Why Begin Music Early?

Why begin music early?
Studies have shown that beginning regular music study early (ages 3-7) can have a significant impact on the development of brain plasticity, as well as auditory, sensory-motor, language-learning andbow hold party memory skills.  In addition, learning to play an instrument in the early years helps develop a host of critical life skills including focus, discipline, perseverance, teamwork, and a healthy parent-child relationship. An early start with music is as much about developing good habits and abilities for success, as it is about developing technical facility with an instrument.

What instruments?
The benefits of music study come with instruments of many shapes and forms. Early years instruction is commonly offered for instruments like piano, violin, cello, guitar, recorder and flute through the Suzuki Method, private lessons or an appreciation class. Before beginning formal music lessons, provide your child with opportunities to experience and be fascinated by a variety of musical instruments and sounds. There are fantastic family concerts and events all around which introduce children to the world of music.

Who chooses? 

Sometimes a child will show an affinity for and choose a particular instrument early on, or sometimes a parent will select an instrument for pragmatic reasons. My parents chose that my siblings and I would begin our musical foundation with piano and were given the opportunity to choose our “own” instrument after a few years. Regardless of the instrument or who initially selects it, it’s more important how you approach the day-to-day musical process together.

Are you and your child ready?   
Every child is unique, and many factors help determine the best time to start regular music lessons.

The Suzuki Method is based on the idea that children can learn to play an instrument in the same way they learn their native language, with children typically beginning between ages 3-7.  Select a teacher who is experienced with early years instruction. The best way to gauge your own child’s readiness is to observe several other students’ lessons of a similar age, or have a sample lesson with a prospective teacher.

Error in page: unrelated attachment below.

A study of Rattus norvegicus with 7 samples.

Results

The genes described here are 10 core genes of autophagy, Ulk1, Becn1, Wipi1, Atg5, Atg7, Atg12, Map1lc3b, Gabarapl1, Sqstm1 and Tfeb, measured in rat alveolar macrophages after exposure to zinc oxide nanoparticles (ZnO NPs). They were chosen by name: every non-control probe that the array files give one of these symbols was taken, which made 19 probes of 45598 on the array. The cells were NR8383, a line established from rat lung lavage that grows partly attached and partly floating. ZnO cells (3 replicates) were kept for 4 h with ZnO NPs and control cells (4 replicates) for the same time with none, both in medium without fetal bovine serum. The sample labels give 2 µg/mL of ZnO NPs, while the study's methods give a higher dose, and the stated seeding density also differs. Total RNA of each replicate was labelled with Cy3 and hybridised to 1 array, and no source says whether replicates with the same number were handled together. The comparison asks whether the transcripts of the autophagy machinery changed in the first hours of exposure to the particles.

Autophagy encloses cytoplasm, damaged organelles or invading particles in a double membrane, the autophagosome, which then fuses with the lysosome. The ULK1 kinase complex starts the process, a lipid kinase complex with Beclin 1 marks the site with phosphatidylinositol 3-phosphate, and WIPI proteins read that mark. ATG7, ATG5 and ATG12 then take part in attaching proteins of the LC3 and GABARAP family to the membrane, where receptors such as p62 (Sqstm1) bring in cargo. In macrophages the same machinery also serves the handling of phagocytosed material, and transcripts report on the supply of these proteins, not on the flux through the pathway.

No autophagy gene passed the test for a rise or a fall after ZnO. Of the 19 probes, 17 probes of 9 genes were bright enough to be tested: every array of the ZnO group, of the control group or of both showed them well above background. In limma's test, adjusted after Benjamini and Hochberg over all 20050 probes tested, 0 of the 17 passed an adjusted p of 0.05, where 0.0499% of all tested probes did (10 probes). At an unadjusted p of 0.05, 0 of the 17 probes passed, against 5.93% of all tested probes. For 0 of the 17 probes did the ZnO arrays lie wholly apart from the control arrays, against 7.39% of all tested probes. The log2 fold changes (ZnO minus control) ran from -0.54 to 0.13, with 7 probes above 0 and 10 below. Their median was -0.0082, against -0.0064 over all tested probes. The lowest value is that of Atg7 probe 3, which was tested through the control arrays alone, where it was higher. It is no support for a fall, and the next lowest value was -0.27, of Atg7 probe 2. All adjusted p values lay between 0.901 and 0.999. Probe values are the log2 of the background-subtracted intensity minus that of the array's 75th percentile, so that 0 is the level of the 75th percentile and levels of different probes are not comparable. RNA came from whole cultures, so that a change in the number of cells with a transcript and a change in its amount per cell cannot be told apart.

It is important to consider how much time you and your child will be able to commit to music study. Will you and your child be able to commit at least 15 minutes of quality time, energy and attention to practicing together each day, in addition to a weekly lesson, including travel? Group classes are a regular part of the Suzuki Method as well, and provide some of the most rewarding and inspiring musical experiences for children.

Development of focus and creativity are two of the greatest benefits of studying music. However, downtime is also crucial for a child’s development.  Is there enough unstructured time in your child’s schedule to assimilate all the new information being provided? Is there enough time for creative, self-directed, non-electronic playtime? Without allowing the space and time for your child’s brain to process this new information, adding another activity, no matter how potentially valuable, could be counterproductive.

Make a good decision and stick with it. 
There are a lot of great benefits waiting when you’re committed to helping your child study music. Regardless of who selects the instrument initially, just as a parent decides it’s in their child’s best interest to go to school everyday and enforces that decision, the long-term benefits of music study also warrant parental support. If need be, wait at least six months to a year before re-evaluating the commitment, considering whether it is the right time, right teacher or right instrument for your child? An adult has a better perspective on all the child can achieve and enjoy musically through persevering for a longer time.

In order to reap the full benefits, it is important that music study be done in a committed, age-appropriate way with realistic expectations, allowing enough time and energy to make it a sustainable activity that enriches your lives.